When Rudy Giuliani launched into his usual bombastic conspiracy theories this week, it wasn’t in a tweet or at a press conference next door to a porn shop or on Fox News but in a federal courtroom, where he was appearing as Donald Trump’s attorney and where he lied to a judge. There need to be consequences.
All lawyer jokes aside, legal ethics are a big deal, not least because they are indispensable to a functioning court system. If lawyers can lie without consequence, making up facts whenever they want, then our trials and hearings will become farces.
And that’s exactly what happened in Pennsylvania on Monday, as Rudy talked about everything from Rahm Emanuel’s theory of crisis management to President Carter’s “prophetic” warnings about mail-in voter fraud and a tirade against supposed “mafia-like” behavior by Philadelphia election officials—none of it related to the legal case he was supposed to be making.
The painful monologue screeched to a halt whenever Rudy hit the guardrails of judicial questioning. Asked the most important question in nearly any election lawsuit, what standard of review should apply, he was caught completely off guard. For non-lawyers, it’s hard to explain just how appalling this is. Standard of review is the sort of thing that every first-year law student learns. But rather than agreeing with the judge that the case demanded “strict scrutiny,” or arguing that it called for rational basis review, he simply advocated for “the normal one.” If legal Twitter had a voice in that moment, the scream would have been heard around the world.
But the responses got even worse on difficult legal questions. Take his answers on standing, the doctrine that determines whether your case should be heard in federal court. It’s one of the most confounding areas of American law, but not to Rudy, who proclaimed “I went to law school… I thought it was a simple test.” It’s not.
All of this was bad lawyering, but it wasn’t unethical. But what Rudy did next crossed a line: he lied. He didn’t spin, argue, or put his best take on the evidence, he flat-out lied to a judge in open court. For that, he should lose his law license.
Actually, Rudy’s first lie came before he ever set foot in the Pennsylvania courthouse. On Tuesday morning, Rudy petitioned to represent the Trump campaign, which is a routine step for lawyers appearing out of state. If you aren’t licensed to practice in a court, you have to request permission to argue. Sadly, Rudy couldn’t complete this two-page form without committing perjury. Rudy claimed to be licensed in the District of Columbia, where in fact he’s currently suspended for not paying his dues.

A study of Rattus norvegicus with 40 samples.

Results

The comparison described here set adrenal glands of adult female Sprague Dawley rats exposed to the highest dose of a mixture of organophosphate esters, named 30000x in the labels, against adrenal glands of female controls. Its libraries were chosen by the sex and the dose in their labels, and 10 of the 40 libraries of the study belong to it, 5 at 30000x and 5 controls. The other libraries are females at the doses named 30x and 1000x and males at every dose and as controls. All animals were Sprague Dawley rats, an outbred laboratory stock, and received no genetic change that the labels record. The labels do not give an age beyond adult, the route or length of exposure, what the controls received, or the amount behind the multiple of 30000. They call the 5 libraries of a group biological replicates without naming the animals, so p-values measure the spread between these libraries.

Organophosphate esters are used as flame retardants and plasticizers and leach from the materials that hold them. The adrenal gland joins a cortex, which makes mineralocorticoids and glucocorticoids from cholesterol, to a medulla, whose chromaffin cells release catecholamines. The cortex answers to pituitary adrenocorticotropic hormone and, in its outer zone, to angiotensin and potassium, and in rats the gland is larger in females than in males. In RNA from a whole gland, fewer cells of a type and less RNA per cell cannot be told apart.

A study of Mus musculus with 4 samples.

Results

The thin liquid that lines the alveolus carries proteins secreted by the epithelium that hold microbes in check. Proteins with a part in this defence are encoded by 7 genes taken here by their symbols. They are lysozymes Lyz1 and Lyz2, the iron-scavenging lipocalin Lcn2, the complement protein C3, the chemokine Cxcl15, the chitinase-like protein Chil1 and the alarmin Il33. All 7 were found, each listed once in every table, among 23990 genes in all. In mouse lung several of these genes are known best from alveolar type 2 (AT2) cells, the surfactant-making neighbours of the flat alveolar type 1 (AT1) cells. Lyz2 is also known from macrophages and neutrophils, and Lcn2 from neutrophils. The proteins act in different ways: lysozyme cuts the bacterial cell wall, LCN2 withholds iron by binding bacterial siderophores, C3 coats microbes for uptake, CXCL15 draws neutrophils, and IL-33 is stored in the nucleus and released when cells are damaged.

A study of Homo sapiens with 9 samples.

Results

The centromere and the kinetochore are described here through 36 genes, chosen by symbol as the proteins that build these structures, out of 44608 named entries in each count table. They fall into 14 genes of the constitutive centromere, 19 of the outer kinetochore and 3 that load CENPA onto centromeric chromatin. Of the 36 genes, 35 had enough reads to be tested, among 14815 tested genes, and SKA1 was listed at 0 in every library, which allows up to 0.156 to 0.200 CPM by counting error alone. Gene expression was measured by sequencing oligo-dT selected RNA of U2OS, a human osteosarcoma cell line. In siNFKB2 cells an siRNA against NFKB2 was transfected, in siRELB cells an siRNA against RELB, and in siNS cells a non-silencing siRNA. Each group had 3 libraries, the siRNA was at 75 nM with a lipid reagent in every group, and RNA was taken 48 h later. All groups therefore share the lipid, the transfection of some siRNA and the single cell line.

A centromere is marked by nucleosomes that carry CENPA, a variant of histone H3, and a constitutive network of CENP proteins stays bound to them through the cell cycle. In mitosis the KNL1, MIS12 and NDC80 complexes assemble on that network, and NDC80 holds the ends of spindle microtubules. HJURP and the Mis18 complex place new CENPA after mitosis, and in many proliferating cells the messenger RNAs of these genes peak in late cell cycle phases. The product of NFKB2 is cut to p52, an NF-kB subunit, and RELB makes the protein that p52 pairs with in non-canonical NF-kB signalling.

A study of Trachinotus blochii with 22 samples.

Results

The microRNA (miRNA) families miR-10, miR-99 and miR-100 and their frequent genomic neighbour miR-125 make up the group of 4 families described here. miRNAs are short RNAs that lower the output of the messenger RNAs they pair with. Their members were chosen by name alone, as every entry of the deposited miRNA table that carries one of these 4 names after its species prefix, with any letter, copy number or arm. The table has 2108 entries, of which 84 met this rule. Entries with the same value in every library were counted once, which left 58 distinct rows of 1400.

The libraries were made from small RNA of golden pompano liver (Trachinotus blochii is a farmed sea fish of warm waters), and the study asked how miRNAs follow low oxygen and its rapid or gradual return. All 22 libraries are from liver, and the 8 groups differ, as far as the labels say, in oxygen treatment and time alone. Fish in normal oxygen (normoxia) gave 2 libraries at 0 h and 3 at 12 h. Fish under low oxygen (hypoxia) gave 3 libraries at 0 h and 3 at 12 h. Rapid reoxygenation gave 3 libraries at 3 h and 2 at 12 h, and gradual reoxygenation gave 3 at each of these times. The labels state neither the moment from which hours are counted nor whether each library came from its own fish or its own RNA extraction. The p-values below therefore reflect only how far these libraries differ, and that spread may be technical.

This is a big deal. Getting suspended from the bar for non-payment is bad, but making a false statement about it is much worse. And if anyone should know better, it would be the former prosecutor who put people behind bars for these sorts of misstatements, whether it was lying to an FBI agent or perjury in court.
But lying about his own credentials was the prelude to the real fireworks: Rudy’s lies, unsupported by any facts he introduced to the court, about the election itself. Among other lies, Rudy claimed that hundreds of thousands of Pennsylvania ballots were counted without Republican observers. False. He claimed over one million votes were cast illegally in Pennsylvania. False. And he even said “they” (presumably President-elect Biden and his campaign) “stole” the election through widespread, national voter fraud. False.
We’ve all been inundated with this sort of noxious disinformation, and it’s easy to get desensitized to public officials and their representatives openly lying about our election. But those lies take on new power and pose new dangers when they’re offered in court.
Many of Trump’s other lawyers have been careful to avoid crossing this line, knowing that it could cost them their law license. A week before Rudy appeared in court, Jonathan Goldstein was questioned about evidence of voter fraud in Pennsylvania and repeatedly gave the lawyerly dodge: “To my knowledge at present, no.” Goldstein was willing to bring a baseless lawsuit in court, he was willing to argue against the integrity of our elections, but he wasn’t willing to lie.
That’s why Tuesday night I sat down and filled out my first legal ethics complaint, asking New York’s Attorney Grievance Committee to investigate one Rudolph William Louis Giuliani. Maybe they’ll throw it in the trashcan, maybe they’ll take it seriously, but either way it’s time for the legal profession to respond.
We need to address not just Rudy, but the ways lawyers have engaged in unethical behavior throughout the Trump administration. If we want to claim we’ve an ethical profession, we have to live up to the standards we set for ourselves. As I wrote in my complaint:
“While I recognize that Mr. Giuliani is a senior member of the bar with a history of public service, his experience should require him to meet a higher standard, not excuse behavior that would be readily sanctioned in a more junior attorney. I urge you to show all New Yorkers that our ethical rules will be applied against all attorneys, even those who are powerful, prominent, and politically well connected.”